KUALA LUMPUR, July 3 – There is no need to curtail or discourage the use of other languages in the efforts to promote the use of the national language, says Member of Parliament for Kuching, Dr. Kelvin Yii.
Describing PAS President Abdul Hadi Awang’s statement that those pushing for English were stuck in a colonial mindset as lacking in foresight, Dr.Yii said it also exposed “how irrelevant PAS is in our modern world”.
Such a view is also dangerous as it will not only further erode the country’s competitive edge in the international market, but also bring the people backwards and leave them behind compared with other countries in the region, said Dr Yii, who is also DAP’s Socialist Youth (Dapsy) chief.
“There is no question on the importance of us all mastering and promoting the importance of our national language.
“However, those that do not encourage the mastery of multiple languages on top of our national language especially when English is used as international language of business, commerce, science, medicine, diplomacy and many other key areas are those stuck in the old-age, and should not be allowed to hold positions that influences policies of the nation.”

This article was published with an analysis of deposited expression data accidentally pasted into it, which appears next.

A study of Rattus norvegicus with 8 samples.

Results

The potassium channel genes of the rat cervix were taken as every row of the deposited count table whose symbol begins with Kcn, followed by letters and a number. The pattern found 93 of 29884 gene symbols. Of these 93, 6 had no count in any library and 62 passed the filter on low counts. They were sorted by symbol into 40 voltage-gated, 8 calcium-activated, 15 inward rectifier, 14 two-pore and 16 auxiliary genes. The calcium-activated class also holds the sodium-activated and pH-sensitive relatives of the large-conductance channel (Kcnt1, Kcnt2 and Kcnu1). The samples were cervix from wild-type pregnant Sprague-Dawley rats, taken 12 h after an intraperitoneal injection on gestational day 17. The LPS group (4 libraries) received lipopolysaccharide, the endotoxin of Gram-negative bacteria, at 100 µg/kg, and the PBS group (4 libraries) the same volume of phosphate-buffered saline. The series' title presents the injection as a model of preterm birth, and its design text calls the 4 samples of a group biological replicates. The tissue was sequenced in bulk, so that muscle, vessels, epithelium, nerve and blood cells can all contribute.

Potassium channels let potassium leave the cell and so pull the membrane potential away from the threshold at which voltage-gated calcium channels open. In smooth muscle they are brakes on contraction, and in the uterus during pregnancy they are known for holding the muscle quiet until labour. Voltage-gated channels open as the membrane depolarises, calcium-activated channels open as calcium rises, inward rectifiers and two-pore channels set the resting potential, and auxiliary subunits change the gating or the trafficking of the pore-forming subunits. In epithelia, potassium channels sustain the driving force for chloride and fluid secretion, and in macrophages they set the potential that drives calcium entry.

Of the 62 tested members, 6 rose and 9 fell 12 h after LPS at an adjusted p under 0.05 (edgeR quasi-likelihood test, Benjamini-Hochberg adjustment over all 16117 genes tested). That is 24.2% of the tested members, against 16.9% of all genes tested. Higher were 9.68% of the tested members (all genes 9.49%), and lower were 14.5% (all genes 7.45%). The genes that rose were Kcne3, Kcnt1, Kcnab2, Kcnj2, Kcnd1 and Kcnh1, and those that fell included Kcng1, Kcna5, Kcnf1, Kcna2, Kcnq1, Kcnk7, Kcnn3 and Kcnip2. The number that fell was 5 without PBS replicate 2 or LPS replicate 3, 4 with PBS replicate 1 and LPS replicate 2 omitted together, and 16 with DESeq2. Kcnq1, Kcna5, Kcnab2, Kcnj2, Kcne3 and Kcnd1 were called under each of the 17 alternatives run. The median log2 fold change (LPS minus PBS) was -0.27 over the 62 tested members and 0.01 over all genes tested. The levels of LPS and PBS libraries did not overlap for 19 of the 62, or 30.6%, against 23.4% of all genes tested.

Often, such leaders express narrow views, including on the national language, mainly to cover up their own inadequacy in the matter, or to distract the people from real matters affecting the people.
“The sentiments used to justify their arguments are often flawed and not taking into account recent developments in those countries itself. One example is how they often use Japan as a modern country without the need to “master English”.
However, the fact is many major Japanese companies and the government of Japan have made huge strides to promote the use of English in their daily business, he said.
Car-maker giants Honda followed Nissan’s move to adopt English in 2013 and since 2020, Honda executives cannot be promoted unless they pass an English competency test.
In 2016, Mitsubishi Motors also adopted English, partly because it had become part of the expanded Renault Nissan Mitsubishi Motors Alliance.
Similarly, tyre manufacturer Bridgestone also adopted English in 2013, the same year as Honda.
Several big name Japanese companies outside the manufacturing sector have also adopted English as their main working language, including stock trading platform Rakuten, as well fashion retailer Uniqlo.
Hence, it is a huge concern that in Malaysia instead of diversifying and encouraging a greater mastery of multiple languages, the leaders “seem to be going backwards,” Dr Yii said.
“Our leaders must realise that we live in a competitive, volatile, globalized era, where cross-border partnerships are essential for survival, which also implies the need for multi-cultural awareness.
“The ability to speak multiple languages has always been Malaysia’s strength especially for us to remain competitive in the global market.”